After unapologetically admitting my indulgent nature with treats last week on Instagram, I figured I should balance things out with some healthy talk;) With more and more focus on health and fitness these days, there is an increasing trend in protein shakes and powders. You see them everywhere - available at juice bars, prepackaged in the refrigerator section of the corner market, stocked as a massive variety of jars at Whole Foods and supplement stores. The question is...are they necessary and actually healthy?
I don't know that they will enhance your performance and your body like the magical solutions they are touted to be. But, I do know that dancers are athletes and require protein as a necessary macronutrient to allow for muscle growth, recovery, and function. Especially if you are on my Bad Girl Ballerina team cross-training with weights, protein becomes that much more essential for you. Without adequate protein, you run the risk of your body not recovering after a long day of rehearsals and not having the oomph to fuel your dancing. In other words, you won't be performing at your peak performance state.
While I try to comprise the majority of my diet from a variety of veggies (and healthy fats) to ensure my micronutrient requirements are met, if I skimp on this major building block, everything falls apart. There's a reason protein is considered a macronutrient. It's not an optional, I'll-get-some-once-and-a-while dietary component. Many of the amino acids found in protein are essential nutrients, meaning they must be supplied by the diet in order for the body to function properly. So, is protein important? Yes!
This doesn't mean you need to stuff your face with massive amounts of meat or pour protein powder straight out of the jar down your throat, but it does mean that protein should be an essential part of your diet. There is much debate about how much protein you actually need. I'm not a fan of measuring my food or counting calories, but I know that I function best when I get about 0.5-0.7 grams of protein per pound of body weight per day. Without getting too technical and breaking out a scale or measuring cup, this looks like a portion roughly the size of my palm at every meal.
Back to protein shakes. For me, real food always trumps a shake. That being said, these drinkable meals can come in handy in a pinch. On those nights when you get out of rehearsal at 10pm and are too exhausted to cook, or when you find yourself with no fresh food in the house (and no money in your pockets;), or when you hit snooze too many times and have to run out the door in the morning...a protein shake can substitute as a quick, no-fuss meal. And, it's going to be way healthier than not eating at all or noshing on junk food in these situations.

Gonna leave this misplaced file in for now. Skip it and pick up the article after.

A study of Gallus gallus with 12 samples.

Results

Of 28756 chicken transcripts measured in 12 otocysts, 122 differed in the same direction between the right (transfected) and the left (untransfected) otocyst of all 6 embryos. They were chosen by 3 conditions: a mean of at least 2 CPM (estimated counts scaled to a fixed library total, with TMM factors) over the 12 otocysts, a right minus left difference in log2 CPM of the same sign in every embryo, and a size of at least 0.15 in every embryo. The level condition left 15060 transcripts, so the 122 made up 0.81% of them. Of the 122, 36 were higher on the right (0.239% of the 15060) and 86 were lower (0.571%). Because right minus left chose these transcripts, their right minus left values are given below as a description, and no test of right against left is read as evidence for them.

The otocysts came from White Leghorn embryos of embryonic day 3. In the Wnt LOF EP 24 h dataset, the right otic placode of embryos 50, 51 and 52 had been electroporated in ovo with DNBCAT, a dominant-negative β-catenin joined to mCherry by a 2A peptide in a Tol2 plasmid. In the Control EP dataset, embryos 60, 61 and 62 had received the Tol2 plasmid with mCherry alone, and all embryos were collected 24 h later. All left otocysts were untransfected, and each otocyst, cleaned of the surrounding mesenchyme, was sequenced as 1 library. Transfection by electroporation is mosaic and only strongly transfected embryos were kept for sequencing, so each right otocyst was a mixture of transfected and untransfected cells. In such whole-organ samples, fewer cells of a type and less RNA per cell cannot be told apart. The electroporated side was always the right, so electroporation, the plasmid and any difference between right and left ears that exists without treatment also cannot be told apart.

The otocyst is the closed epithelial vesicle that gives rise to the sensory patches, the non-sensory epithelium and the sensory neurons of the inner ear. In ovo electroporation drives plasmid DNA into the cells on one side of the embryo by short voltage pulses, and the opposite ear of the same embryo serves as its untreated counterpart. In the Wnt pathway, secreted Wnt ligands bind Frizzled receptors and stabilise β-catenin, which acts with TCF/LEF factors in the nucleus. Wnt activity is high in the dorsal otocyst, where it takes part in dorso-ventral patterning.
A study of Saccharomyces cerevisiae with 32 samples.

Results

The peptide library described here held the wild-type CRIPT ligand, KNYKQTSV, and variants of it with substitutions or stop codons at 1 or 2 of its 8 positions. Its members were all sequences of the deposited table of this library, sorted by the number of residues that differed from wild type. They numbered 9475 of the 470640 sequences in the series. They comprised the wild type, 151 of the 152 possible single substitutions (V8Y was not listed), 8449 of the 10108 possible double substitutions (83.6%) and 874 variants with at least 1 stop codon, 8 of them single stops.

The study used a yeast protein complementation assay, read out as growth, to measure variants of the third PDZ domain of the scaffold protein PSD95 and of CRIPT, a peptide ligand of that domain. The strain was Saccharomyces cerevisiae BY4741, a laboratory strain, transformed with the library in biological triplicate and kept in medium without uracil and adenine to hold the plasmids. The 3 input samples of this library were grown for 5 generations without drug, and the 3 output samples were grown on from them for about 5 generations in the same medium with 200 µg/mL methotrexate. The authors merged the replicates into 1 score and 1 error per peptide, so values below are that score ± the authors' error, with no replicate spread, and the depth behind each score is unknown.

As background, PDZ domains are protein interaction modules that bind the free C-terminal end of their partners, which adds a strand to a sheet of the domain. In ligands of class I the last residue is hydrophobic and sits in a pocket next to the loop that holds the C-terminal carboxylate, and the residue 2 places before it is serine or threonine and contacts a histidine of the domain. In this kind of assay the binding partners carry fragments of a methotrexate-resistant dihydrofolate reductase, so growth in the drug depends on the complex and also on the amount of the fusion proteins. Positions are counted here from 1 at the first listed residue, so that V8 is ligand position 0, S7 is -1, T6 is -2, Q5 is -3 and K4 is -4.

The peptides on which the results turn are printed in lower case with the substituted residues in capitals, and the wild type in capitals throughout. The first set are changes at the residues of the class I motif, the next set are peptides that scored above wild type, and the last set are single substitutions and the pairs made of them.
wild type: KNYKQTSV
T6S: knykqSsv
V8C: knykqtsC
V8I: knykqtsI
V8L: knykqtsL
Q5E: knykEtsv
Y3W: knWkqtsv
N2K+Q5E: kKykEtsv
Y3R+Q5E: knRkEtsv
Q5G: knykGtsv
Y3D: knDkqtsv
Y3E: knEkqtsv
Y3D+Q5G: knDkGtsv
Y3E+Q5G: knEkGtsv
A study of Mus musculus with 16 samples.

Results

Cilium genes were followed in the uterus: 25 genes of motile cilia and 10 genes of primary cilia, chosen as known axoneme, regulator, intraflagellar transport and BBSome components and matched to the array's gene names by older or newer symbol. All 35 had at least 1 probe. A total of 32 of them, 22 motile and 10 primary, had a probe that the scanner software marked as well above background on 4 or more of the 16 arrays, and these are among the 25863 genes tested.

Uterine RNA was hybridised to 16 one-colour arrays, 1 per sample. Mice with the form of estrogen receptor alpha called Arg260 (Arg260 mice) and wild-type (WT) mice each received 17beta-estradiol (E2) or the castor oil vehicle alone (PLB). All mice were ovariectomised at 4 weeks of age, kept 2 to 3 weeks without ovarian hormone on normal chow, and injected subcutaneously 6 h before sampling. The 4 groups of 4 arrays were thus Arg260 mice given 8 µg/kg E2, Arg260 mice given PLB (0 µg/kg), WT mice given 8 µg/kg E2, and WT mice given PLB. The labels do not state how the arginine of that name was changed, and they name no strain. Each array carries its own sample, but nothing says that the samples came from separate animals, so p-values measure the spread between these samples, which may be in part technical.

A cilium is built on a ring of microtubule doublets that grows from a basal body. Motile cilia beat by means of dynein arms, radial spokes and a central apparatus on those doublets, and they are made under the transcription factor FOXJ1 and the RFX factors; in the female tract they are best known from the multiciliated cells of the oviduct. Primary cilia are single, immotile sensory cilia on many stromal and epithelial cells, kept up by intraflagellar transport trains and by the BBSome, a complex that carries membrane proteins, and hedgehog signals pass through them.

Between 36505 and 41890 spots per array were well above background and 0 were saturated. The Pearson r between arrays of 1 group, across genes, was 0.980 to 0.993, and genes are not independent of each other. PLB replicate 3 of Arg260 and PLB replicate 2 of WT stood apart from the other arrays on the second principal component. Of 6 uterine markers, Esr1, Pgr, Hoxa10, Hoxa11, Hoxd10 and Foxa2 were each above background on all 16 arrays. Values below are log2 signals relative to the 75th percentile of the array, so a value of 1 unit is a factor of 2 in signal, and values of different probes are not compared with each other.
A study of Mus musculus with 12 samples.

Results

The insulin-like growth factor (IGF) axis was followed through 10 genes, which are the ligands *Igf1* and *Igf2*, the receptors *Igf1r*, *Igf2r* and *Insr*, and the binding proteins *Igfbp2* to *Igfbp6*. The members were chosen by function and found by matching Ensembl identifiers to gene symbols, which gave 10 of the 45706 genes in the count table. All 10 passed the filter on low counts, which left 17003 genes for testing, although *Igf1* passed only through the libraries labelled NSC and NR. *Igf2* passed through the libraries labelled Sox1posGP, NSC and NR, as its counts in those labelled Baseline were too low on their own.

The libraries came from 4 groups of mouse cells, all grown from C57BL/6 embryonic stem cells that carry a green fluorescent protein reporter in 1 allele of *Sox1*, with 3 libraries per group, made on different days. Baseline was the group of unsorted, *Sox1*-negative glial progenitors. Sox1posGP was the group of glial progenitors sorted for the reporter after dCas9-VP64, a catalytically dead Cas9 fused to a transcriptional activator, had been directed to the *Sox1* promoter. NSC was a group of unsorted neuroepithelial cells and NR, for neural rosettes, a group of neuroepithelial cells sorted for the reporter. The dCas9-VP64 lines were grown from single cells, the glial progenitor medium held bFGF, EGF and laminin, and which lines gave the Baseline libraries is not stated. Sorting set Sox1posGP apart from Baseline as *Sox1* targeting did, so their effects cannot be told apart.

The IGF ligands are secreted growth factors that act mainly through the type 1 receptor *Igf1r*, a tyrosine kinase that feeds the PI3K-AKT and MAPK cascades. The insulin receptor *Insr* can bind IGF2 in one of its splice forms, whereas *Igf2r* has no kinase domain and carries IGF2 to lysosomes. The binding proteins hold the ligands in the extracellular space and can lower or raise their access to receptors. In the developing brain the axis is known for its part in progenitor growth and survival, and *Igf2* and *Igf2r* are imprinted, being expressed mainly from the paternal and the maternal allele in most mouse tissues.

But, there's a catch. Not all protein shakes are created equal. Many of these so-called "healthy" shakes are loaded with sugars, artificial sweeteners, highly processed ingredients, and a whole slew of fillers that you probably can't pronounce. As you may guess, these are not exactly the healthy fix you are looking for. My theory is that if it tastes like a milkshake...it's probably just about as "healthy" as one (unfortunately, right?!).
My go-to brand of powder is Raw Organic Whey. It's unflavored, non-denatured, pure whey protein from grass-fed cows. I know this sounds kind of snooty, but if you are going to eat processed foods like this, you want it to be the highest quality possible. There are no fillers or additives, so it definitely doesn't taste like a milkshake. It doesn't taste bad on its own, but I've come up with a recipe to doctor it up a bit:
Bulletproof Ballerina Protein Shake
Again, this shake is not something I rely on for all my nutritional needs and not something I consume every day. Even with the highest quality protein powder, it's always better to reach for real food. Our Paleolithic ancestors didn't have a Vitamix back in the day...just real, whole food found in the wild. So, while these new powders sound like healthy, modern alternatives, I always go with the tried and true method of eating what nature provides to be on the safe side. But, once or twice-a-week, this protein shake can make the difference between feeling undernourished and flat in rehearsals and performances versus vibrant and powerful.
Check out what Jess Spinner at The Whole Dancer has to say about protein shakes, as well. She gives some valuable information about different options and a breakdown of ingredients found in many of the shakes out there on the market. It's hard to know what is "healthy" these days, so being educated about the science behind these products is very useful. As always, if you have any questions, don't be afraid to reach out to me anytime!